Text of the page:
Yesterday’s decision by the European Court of Justice (ECJ) will come as welcome news for employers with multiple sites across the UK and will mean thousands of former employees at Woolworths and Ethel Austin will miss out on redundancy payments.
Woolworths and Ethel Austin were active on high streets across the United Kingdom until they hit financial problems, went into administration and dismissed thousands of employees on the grounds of redundancy.
Where an employer proposes large scale redundancies of 20 or more employees within a 90 day period or less, it is required to consult on its proposal with employees individually and either the appropriate Trade Union or the elected ‘employee representatives’ of the affected employees.
When considering its headcount Woolworths and Ethel Austin counted each store as a separate ‘establishment’, which meant it did not engage in collective consultation with staff who worked in a store with fewer than 20 employees.
At first instance, the court awarded protective awards in favour of a number of the employees made redundant, although about 4,500 former employees were refused a protective award, on the grounds they had worked at stores with fewer than 20 employees and that each store was held to be an ‘establishment’.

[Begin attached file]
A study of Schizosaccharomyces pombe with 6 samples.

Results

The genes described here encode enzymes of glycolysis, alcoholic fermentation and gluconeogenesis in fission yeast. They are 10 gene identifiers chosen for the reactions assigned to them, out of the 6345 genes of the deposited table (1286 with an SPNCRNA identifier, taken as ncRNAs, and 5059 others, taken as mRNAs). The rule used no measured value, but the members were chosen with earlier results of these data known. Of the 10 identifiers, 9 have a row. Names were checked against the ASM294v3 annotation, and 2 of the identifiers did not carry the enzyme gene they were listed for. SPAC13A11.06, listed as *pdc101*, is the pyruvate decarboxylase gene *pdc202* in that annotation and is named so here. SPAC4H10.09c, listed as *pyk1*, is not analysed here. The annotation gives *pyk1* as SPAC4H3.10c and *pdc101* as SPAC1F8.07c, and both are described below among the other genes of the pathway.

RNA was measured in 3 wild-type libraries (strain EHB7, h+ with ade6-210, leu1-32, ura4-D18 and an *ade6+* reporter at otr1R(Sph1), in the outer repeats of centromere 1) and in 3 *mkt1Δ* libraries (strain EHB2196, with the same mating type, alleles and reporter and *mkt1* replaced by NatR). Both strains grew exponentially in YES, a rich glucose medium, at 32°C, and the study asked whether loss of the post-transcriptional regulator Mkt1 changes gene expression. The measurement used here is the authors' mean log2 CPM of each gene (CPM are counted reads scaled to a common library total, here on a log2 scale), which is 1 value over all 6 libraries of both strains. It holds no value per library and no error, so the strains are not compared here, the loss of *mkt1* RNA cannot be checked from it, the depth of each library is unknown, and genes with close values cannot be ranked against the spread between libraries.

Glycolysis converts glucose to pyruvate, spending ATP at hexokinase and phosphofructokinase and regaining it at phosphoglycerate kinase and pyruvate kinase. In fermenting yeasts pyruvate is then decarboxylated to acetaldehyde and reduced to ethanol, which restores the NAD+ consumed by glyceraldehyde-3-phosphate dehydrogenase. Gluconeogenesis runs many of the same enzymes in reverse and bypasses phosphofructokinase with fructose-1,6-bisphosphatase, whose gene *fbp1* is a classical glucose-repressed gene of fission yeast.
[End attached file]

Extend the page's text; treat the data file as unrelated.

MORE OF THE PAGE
The ECJ found where an ‘undertaking’ (Woolworths and Ethel Austin) comprises of several ‘entities’ (the individual stores), it is the entity to which the workers made redundant were assigned to carry out their duties that constitutes an ‘establishment’ and not the undertaking as a whole.
Therefore when establishing headcount to see whether Woolworths needed to engage in collective consultation (required when contemplating 20+ redundancies in a period of 90 days), they were right to count each store as a separate ‘establishment’ and meant they did not need to engage in collective consultation with staff who worked in a store with a headcount of less than 20.
The decision means employers who have multiple sites of less than 20 employees and need to make large scale redundancies will not be required to enter a collective consultation process. This will make the redundancy process far less onerous and costly for employers.
Case C-80/14 Union of Shop, Distributive and Allied Workers (USDAW) and B.Wilson v WW Realisation 1 Ltd (in liquidation), Ethel Austin Ltd and Secretary of State for Business, Innovation and Skills.